The rest of Squalor is still being tweaked...so I thought I'd entertain you with another tale. A ghost story this time.
In the rural hills of West Virginia a truck pulled up to our house. Momma looked out the window with confusion. She grabbed her gun and checked the door. It was impossible for a truck to drive up to our house. There wasn't a drivable road for at least a mile.
We all looked at each other; us kids piled around the kitchen table. Momma came in and sat the shotgun on the table with shaking hands. I'd never seen this look on Momma's face before. It was a mixture of fear and bewilderment.
"Who was it Momma?"
"Dunno...no one's there."
"But we all heard a truck!"
"I know, but I'm tellin' ya there's no one on our property."
"What about the woods? Could they be in the woods, Momma?"
She locked eyes with me and I knew to shut up. "I want you to take your sisters and pile on the couch. We'll huddle under the blankets and drink some honey tea. Whatever it is will work itself out."
I did as I was told and Momma brought us the tea. Elsie didn't like tea, but she was only five, the baby of seven children. Momma sat next to the door trying to pretend everything was okay. But we all saw the shotgun resting against her hip, silent, but present. Papa was due home any time, so we weren't too worried.
Nothing happened for almost an hour. It was quiet and still outside. A hush seeping through the air. Even the owls knew something was amiss. We watched the clock and sipped our tea. Bethy, the third eldest, stoked the embers in the hearth. The fire blazed and we felt safe in its hallowed glow.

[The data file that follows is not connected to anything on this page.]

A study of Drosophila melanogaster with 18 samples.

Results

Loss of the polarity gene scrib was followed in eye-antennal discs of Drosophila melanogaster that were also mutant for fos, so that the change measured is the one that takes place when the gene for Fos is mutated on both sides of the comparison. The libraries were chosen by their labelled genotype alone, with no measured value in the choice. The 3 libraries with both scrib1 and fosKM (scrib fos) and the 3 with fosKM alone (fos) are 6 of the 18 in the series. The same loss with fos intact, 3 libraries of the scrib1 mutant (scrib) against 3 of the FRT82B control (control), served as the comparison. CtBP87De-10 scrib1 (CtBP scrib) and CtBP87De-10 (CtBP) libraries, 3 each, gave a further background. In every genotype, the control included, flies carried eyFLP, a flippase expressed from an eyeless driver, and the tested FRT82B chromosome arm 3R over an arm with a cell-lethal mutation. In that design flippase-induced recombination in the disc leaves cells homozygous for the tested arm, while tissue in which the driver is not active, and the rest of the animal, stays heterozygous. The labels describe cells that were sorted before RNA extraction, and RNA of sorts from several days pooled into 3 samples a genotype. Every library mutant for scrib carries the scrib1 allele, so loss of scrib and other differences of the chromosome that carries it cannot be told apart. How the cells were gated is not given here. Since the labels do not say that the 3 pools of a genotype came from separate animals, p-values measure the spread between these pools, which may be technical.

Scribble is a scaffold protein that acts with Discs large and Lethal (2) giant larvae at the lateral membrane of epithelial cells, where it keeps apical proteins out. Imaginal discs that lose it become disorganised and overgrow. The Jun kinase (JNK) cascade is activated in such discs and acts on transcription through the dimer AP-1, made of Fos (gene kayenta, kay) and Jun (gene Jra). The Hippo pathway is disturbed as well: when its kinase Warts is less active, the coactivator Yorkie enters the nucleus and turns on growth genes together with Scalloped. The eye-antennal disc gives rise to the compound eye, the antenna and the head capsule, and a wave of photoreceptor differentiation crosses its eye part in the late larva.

But as the clock struck the hour, the truck roared to life right at our porch. Momma lurched from her seat and flung open the door. Nothing. Absolutely nothing, but night existed beyond our front porch. Momma's whole body trembled and the shotgun slid down her side. She made a cross over her torso and locked the door.
Whatever was stalking us wasn't a truck.
Momma sat next to me and I wrapped the blanket around her. The eight of us sat crammed on the old couch, too scared to say a word. We listened to the deepening night and watched the fire die.
Another hour ticked by and sure enough the phantom truck was back. But this time the locked door flung open and a whoosh of cold air blew past us. Elsie screamed and buried her face into the couch. But the blast of air dissipated as suddenly as it had ambushed us.
Momma started to pray.
We waited, counting the minutes until Papa came home. I looked into the shadows wondering what else the night had in store for us. The clock ticked. It struck three and the truck exploded onto the front porch. It revved so hard that it shook our humble shack. The door banged against the wall. The cold air assaulted us as it filled the room.
But this time the wind calmed. It took shape in front of the fireplace.
It was a man dressed in faded blue jeans and a logger's jacket. Tears stung my eyes. I couldn't breathe. The man turned around with dark empty eyes and a hollow mouth. This time Momma screamed.
It was Papa.
We watched him fade before our eyes in suspended horror. Momma cried--we all did. We sobbed so intensely that we didn't notice when the next hour ticked by. It was Papa's truck on our porch. Papa's blast of death that froze us. And this time he was strong enough to step toward us. His blue eyes were damp with tears. And his mouth formed words we couldn't hear.
Momma leaped at him and shrieked, "You can't leave me! Do you hear me, Don! Don't leave me all alone." She sobbed at his already fading boots.
It went on all night. The little ones passed out on the couch, but Momma and I kept watch. We didn't want to miss Papa. Not even for a second. Just before dawn Momma gripped my hand and squeezed. "He's trying to come home baby."
The police came in the morning to tell us that Papa had come home sick, but the truck had stalled on the tracks down the hill. The train couldn't stop in time. I knew in my heart that Papa wasn't trying to come home. He'd never be home again. He had been saying goodbye.